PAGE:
What is a Futures Market?

Futures markets are places (exchanges) to buy and sell futures contracts. There are several futures exchanges. Common ones include The New York Mercantile Exchange, the Chicago Board of Trade, the Chicago Mercantile Exchange, the Chicago Board of Options Exchange, the Chicago Climate Futures Exchange, the Kansas City Board of Trade, and the Minneapolis Grain Exchange.

How Does a Futures Market Work?

A futures contract is a financial contract giving the buyer an obligation to purchase an asset (and the seller an obligation to sell an asset) at a set price at a future point in time.

The assets often underlying futures contracts include commodities, stocks, and bonds. Grain, precious metals, electricity, oil, beef, orange juice,and natural gas are traditional examples of commodities, but foreign currencies, emissions credits, bandwidth and certain financial instruments are also part of today's commodity markets.

There are two kinds of participants in futures markets: hedgers and speculators. Hedgers do not usually seek a profit by trading commodities futures but rather seek to stabilize the revenues or costs of their business operations. Speculators are usually not interested in taking possession of the underlying assets. They essentially place bets on the future prices of certain commodities. Speculators are often blamed for big price swings in the futures markets, but they also provide a lot of liquidity to the futures markets.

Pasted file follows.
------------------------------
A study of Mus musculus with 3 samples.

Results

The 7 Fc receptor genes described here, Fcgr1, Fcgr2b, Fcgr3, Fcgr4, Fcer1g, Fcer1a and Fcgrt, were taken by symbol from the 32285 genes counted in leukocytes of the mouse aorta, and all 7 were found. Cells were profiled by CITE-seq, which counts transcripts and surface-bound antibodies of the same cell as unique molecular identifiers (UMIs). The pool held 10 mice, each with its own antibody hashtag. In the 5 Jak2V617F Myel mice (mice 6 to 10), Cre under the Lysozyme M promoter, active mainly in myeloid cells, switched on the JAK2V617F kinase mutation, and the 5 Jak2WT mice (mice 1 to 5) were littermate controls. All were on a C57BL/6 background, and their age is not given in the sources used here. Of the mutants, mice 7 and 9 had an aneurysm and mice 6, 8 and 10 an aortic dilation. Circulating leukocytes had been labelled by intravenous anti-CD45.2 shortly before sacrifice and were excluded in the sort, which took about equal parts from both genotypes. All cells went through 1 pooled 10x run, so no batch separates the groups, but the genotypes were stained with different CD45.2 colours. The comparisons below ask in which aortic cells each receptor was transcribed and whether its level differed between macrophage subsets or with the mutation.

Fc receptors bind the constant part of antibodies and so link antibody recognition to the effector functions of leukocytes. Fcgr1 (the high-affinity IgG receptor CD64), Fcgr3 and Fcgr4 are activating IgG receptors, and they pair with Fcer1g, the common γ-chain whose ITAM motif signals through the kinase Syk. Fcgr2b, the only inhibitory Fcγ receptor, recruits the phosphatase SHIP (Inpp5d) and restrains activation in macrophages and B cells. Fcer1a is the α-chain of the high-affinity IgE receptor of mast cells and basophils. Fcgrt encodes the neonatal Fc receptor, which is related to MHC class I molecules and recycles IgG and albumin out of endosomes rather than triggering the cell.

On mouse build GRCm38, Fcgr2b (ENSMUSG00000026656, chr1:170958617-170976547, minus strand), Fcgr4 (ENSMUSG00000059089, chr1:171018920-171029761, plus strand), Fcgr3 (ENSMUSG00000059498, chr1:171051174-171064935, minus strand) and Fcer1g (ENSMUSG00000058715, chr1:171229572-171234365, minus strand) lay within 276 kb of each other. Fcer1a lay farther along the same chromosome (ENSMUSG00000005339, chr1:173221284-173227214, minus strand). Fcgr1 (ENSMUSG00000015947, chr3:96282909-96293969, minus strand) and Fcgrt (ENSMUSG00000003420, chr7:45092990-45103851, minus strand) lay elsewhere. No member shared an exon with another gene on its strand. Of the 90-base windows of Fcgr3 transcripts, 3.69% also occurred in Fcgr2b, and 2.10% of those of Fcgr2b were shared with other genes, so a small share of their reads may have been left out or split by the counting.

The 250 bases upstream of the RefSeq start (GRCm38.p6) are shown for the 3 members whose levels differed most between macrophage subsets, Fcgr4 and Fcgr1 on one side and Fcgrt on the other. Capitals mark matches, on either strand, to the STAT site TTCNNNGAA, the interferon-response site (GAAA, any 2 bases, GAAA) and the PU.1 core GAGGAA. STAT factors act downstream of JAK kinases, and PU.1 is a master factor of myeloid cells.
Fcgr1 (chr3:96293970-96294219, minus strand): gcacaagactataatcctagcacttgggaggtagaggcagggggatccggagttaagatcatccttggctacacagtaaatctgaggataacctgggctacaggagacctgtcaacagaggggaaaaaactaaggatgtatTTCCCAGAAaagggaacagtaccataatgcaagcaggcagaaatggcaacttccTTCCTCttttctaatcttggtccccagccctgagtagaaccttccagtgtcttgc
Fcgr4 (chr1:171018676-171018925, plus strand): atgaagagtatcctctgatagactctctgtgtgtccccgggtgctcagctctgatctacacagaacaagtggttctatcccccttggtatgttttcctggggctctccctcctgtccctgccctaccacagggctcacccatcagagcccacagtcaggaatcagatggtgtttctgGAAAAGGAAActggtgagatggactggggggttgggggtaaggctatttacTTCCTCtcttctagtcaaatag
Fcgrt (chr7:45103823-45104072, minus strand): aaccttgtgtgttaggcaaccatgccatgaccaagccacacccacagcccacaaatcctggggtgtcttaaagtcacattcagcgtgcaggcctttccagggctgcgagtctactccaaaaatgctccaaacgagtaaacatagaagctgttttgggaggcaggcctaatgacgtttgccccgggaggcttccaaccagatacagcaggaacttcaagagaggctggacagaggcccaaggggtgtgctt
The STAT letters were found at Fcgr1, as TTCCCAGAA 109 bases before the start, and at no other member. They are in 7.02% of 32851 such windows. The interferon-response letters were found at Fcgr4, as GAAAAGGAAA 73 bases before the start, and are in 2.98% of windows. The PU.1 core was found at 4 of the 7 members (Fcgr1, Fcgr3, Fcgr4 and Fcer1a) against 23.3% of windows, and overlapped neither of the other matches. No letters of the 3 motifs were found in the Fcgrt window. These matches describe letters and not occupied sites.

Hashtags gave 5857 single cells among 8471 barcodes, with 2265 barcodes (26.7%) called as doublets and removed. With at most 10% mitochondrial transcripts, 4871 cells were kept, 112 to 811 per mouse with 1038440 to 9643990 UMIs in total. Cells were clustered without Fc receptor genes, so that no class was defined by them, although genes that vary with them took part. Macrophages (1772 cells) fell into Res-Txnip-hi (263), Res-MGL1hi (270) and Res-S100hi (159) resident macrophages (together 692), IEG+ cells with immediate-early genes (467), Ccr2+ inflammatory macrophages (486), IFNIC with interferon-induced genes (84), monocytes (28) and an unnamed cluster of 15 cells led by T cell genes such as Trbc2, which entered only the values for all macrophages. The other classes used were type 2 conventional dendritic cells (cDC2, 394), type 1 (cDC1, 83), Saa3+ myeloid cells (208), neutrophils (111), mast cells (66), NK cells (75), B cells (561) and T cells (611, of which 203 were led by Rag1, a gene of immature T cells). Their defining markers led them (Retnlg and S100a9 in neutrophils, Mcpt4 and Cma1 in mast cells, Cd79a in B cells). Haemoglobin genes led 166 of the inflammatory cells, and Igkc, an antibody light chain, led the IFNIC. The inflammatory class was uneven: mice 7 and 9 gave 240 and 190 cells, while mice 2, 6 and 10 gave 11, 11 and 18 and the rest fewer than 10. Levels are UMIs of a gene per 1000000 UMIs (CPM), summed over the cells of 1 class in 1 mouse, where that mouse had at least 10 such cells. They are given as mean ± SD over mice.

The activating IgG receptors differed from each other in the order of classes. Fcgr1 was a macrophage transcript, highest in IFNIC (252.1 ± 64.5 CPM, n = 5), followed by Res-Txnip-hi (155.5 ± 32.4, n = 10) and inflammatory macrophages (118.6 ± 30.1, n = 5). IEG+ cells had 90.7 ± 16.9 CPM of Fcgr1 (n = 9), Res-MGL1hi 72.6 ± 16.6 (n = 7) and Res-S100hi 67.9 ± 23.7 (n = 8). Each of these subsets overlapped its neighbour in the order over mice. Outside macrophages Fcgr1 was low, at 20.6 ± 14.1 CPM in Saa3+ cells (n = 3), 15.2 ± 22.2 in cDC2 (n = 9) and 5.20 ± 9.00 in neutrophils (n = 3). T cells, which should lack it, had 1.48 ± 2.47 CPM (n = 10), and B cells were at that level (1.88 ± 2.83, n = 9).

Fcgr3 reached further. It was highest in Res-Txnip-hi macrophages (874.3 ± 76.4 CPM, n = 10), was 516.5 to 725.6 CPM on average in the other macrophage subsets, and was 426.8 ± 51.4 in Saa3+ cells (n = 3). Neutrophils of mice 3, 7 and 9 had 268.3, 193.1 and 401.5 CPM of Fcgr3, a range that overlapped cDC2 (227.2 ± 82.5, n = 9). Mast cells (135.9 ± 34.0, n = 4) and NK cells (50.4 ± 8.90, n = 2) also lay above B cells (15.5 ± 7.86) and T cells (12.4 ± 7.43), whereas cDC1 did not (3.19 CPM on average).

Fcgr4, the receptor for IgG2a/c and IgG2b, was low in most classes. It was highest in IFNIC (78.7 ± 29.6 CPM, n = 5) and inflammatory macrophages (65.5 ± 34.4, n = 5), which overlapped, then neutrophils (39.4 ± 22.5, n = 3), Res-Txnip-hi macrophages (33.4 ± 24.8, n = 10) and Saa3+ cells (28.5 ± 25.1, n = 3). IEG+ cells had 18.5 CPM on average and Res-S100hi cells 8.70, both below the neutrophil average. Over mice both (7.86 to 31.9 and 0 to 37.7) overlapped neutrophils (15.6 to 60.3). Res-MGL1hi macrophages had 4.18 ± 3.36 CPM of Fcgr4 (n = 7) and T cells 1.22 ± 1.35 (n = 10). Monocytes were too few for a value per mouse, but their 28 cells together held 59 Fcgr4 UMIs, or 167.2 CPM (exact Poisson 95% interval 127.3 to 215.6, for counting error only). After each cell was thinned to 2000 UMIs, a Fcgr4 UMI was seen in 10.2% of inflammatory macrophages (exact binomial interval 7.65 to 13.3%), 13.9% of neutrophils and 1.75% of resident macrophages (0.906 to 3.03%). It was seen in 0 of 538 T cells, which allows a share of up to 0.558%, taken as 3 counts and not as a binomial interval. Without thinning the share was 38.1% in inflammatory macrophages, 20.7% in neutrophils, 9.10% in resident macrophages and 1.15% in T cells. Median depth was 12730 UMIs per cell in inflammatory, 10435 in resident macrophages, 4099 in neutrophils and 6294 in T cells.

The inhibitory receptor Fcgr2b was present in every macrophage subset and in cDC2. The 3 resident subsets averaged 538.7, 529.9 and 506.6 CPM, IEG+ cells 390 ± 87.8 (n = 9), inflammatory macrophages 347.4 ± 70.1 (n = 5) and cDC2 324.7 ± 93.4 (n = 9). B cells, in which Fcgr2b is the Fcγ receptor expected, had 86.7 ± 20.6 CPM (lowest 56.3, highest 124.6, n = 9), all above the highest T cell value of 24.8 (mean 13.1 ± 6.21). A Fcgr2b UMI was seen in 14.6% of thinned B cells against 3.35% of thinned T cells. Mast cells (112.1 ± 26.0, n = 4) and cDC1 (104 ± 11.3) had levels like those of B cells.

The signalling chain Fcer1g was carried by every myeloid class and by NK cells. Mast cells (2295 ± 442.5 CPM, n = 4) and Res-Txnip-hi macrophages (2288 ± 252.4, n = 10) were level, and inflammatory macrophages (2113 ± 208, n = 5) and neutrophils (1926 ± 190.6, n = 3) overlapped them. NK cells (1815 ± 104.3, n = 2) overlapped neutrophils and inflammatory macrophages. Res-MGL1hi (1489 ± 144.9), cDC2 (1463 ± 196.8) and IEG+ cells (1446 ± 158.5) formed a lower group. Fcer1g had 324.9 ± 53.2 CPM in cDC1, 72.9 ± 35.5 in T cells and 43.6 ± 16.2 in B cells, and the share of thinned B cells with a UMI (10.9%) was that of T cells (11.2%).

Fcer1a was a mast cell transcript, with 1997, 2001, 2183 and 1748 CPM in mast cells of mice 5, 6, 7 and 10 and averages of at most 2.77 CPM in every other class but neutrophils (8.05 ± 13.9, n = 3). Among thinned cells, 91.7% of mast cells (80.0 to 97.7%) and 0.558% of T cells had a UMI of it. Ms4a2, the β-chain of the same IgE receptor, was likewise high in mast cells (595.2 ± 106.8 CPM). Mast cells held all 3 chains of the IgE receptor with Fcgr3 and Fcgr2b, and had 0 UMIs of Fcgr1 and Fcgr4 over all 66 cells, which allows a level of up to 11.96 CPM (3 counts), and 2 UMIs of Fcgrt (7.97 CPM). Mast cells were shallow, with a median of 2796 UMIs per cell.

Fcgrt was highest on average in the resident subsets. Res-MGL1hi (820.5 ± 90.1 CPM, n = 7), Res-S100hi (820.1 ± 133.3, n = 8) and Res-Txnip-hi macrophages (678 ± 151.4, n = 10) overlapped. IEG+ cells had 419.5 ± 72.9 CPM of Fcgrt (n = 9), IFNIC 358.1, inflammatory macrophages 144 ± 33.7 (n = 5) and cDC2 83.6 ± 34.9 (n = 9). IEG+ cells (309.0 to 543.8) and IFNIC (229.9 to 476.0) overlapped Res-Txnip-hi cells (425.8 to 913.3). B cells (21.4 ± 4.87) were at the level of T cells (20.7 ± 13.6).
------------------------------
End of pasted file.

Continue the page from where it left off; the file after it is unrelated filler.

Futures exchanges do not set the prices of futures contracts or their underlying traded commodities. Rather, supply and demand determines the prices. But two things in particular ensure the stability and efficiency of futures markets: standardized contracts and the presence of clearing members. Standardized contracts mean that every futures contract specifies the underlying commodity's quality, quantity and delivery so that the prices mean the same thing to everyone in the market. A commodity from one producer is no different from another and the buyer knows exactly what he's getting. Clearing members manage the payments between buyer and seller. They are usually large banks and financial services companies. Clearing members guarantee each trade and thus require traders to make good-faith deposits (called margins) in order to ensure that the trader has sufficient funds to handle potential losses and will not default on the trade. The risk borne by clearing members lends further support to the stability of futures markets.

The Commodity Futures Trading Commission (CFTC) regulates commodities futures trading through its enforcement of the Commodity Exchange Act of 1974 and the Commodity Futures Modernization Act of 2000. The CFTC works to ensure the competitiveness, efficiency and integrity of the commodities futures markets and protects against manipulation, abusive trading and fraud.

Why Does a Futures Market Matter?

The world of commodities and the futures markets on which they are based are complex, fascinating, and have a profound effect on economies and average citizens around the world. Changes in commodity prices can affect entire segments of an economy, and these changes can in turn spur political action (in the form of subsidies, tax changes, or other policy shifts) and social action (in the form of substitution, innovation, or other supply-and-demand activity).

Most buyers and sellers trade commodities on the futures markets because many commodity producers, especially those of traditional commodities like grain, bear the risk of potentially negative price changes when their products are finally ready for the market. In general, however, the liquidity and stability of the commodities exchanges helps producers, manufacturers, other companies, and even entire economies operate more efficiently and more competitively.